First and foremost, I am not a professional teacher. I have a great many friends who are, and I respect them and the work they do tremendously. It is not an easy career to be involved in.
I considered becoming a teacher many times over the years. It always felt like it might be a good fit. Yet I never took that path and made the choice not to go back to school for certifications or another degree.
However, I have still been a teacher. I teach medieval fencing and have done so for over 20 years. It thrills me to no end to show someone a move they didn’t know or to help them at the very beginning to understand the balance, footwork, bladework, and so forth.
In my medieval reenactment game, I also teach voice heraldry. To all intents and purposes this is acting, so I offer instruction in projection, examining the what and how of a text and the best ways to present it in public. There is also an organizational component akin to directing and stage management.
For almost eight years I have been teaching my Pathwalking philosophy, mindfulness, positivity, and conscious reality creation. Currently, I am working on expanding this beyond my articles and books, though that has not fully begun to take shape.
However, no matter what you teach, there can be a great deal of frustration when the student doesn’t get it. If you need to explain the same thing over and over and over again it can get tedious and frustrating.
What can you do to not be overwhelmed by this?
“I cannot teach anybody anything, I can only make them think.”
This is an important statement for a teacher to wrap your head around, professional or otherwise. I can give all the instruction and steps I can conceive of…but the truth is that I am only opening the student to a way to think.
Mindfulness can be a two-way street. When you use mindfulness it is about being aware of your own thoughts, feelings, and actions. The reality is that you can only control those which belong to you.
Even when teaching someone a thing that you know, you cannot control their thoughts, feelings, or actions. This is part of why something I might find stupidly easy you might think is ludicrously complicated.
Writing is a perfect example. I sit at the keyboard and with relative ease can craft words into necessary tools. Stories, articles, poems, instructional texts, random topical content, or what-have-you, this comes easily to me.
You might need a more set source, and finding the words might be a chore that pains you. It might be infuriating for you to work on doing any writing of any sort. I get it, not everyone is a writer.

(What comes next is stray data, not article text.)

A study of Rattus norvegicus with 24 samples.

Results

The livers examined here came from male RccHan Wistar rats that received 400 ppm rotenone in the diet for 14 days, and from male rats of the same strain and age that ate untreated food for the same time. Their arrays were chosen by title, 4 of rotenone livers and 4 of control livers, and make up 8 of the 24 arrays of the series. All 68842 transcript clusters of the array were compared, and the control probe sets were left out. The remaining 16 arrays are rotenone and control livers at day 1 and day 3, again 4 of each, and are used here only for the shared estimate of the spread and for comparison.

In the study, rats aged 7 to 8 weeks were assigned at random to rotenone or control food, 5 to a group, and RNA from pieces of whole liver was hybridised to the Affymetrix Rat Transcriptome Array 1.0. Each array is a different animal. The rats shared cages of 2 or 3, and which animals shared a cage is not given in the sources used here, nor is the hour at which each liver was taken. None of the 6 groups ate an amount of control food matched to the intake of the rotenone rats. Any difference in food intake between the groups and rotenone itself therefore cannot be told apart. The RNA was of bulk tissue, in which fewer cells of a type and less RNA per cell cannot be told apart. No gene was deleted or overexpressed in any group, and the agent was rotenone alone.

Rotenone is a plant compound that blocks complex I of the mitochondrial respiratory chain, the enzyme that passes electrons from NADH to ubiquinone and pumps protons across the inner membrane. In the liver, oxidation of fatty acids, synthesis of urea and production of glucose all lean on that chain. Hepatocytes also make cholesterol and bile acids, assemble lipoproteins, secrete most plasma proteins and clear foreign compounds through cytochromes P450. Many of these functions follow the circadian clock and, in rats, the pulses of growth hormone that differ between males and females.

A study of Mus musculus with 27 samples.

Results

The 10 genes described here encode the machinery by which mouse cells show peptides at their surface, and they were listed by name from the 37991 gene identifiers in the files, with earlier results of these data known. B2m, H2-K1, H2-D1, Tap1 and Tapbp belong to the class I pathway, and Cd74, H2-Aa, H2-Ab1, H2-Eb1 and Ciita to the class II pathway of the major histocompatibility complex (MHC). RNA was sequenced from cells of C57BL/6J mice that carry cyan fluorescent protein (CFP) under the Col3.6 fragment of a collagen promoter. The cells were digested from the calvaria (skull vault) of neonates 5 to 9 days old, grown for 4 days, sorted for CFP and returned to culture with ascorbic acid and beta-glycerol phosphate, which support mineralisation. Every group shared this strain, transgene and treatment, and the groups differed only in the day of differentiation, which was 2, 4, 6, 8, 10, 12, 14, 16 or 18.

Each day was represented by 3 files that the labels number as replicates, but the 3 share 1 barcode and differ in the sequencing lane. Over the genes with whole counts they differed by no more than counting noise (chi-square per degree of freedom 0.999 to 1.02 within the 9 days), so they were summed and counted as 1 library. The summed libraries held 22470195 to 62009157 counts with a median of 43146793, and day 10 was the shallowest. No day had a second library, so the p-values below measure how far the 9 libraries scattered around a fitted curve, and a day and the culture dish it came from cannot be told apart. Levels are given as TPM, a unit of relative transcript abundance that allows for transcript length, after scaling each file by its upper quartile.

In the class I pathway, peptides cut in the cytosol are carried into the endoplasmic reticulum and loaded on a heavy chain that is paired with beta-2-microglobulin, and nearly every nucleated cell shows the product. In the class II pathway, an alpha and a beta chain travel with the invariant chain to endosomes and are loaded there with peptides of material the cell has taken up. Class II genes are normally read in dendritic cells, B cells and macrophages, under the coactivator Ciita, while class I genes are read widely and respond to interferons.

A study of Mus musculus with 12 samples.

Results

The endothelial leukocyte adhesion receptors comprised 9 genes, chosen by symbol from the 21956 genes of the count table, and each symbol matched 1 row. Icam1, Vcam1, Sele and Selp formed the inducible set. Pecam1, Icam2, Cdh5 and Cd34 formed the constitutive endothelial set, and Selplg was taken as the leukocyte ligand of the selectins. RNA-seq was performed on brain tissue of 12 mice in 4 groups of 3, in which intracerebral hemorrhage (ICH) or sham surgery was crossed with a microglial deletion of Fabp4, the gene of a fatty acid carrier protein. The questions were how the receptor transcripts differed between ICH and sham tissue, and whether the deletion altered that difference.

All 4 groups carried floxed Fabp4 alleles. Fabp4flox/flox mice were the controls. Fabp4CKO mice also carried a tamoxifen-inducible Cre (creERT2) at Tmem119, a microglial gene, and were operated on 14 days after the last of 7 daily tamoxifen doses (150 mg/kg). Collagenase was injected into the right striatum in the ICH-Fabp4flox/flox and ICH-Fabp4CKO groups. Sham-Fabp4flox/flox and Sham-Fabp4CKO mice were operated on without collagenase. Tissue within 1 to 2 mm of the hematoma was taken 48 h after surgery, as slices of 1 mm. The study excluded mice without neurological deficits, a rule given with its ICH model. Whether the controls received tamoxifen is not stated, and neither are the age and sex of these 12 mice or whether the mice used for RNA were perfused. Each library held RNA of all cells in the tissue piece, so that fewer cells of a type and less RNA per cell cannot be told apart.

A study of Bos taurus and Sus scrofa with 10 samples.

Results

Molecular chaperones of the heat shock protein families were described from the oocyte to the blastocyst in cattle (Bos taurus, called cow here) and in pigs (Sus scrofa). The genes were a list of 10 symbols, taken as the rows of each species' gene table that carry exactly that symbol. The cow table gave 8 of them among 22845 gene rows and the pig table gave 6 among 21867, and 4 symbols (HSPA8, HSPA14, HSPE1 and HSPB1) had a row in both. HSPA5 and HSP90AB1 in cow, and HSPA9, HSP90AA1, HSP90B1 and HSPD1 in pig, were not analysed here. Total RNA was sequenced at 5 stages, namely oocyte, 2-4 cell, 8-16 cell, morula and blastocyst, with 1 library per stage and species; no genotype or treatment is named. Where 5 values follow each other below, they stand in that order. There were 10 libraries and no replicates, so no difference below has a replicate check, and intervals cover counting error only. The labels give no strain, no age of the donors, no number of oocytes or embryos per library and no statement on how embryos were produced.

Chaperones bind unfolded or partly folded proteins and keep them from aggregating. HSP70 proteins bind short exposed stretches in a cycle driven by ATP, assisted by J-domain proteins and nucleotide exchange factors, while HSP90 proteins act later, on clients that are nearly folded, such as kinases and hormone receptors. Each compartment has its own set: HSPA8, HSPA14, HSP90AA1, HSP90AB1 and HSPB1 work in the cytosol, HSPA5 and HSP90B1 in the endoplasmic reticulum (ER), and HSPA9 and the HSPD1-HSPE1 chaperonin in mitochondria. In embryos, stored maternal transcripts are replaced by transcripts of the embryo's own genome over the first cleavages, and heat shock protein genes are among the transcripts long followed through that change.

Mindfulness is recognizing that you will become frustrated when you teach. As such, you can work on not taking it personally, not letting it upset you, and not taking it out on a student when they just don’t get it.
Saying “this is easy” can be detrimental. Why? Just because I think this is easy doesn’t mean you can grasp it. Saying that just makes you feel bad, and that will frustrate everyone.
Mindfulness of this helps you to better understand from a neutral perspective. It also opens you up to be kinder and more empathetic.
Be kind and empathetic
It is easy, when you get frustrated, to lash out. It may not be entirely intentional, of course, but it happens. Frustration tends to build up in your chest until it makes you feel as if you might burst. So you might.
At least, that’s how I have experienced it sometimes.
This is why it’s important to be kind. Everyone learns in a different way at a different pace. Some people pick-up on concepts almost instantly. Others, however, may need far more work. Some learn by books while others learn by example, and still others learn by doing.
This is why being kind matters. It can keep you from getting frustrated by the student and the student from getting frustrated by the material and you.
Being empathetic also matters here. Not sympathetic, that doesn’t assist anyone in growing. Sympathy tends to mean sharing in the feelings of another. Empathy means you understand the feelings others are having, recognize them, and acknowledge them. You likely do not share them, and in the case of a student-teacher relationship, it helps if you don’t.
Empathy means you can temper your responses, and be more ready to handle frustration. This is due to you being more understanding.
It can be a great way to keep everyone on the same path in the same direction.
Teaching has its rewards
Yes, there can be lots of frustrations when you are working as a teacher in whatever form that may take. But you are capable of using mindfulness, kindness, empathy, and other tools to not become overwhelmed.
I appreciate teachers and the work they do. It’s an incredible thing, but I know first-hand how much you can get frustrated.
Keep doing what you are doing. The world needs more people willing to teach. Overcoming ignorance won’t happen overnight, but the willingness to teach always helps.
Every little bit counts. You can overcome the frustration you may encounter and keep going. Thanks for helping expand the knowledge base of the world around you.
You are worthy and deserving of using your mindfulness to find and/or create the reality in which you desire to live. When all is said and done you matter.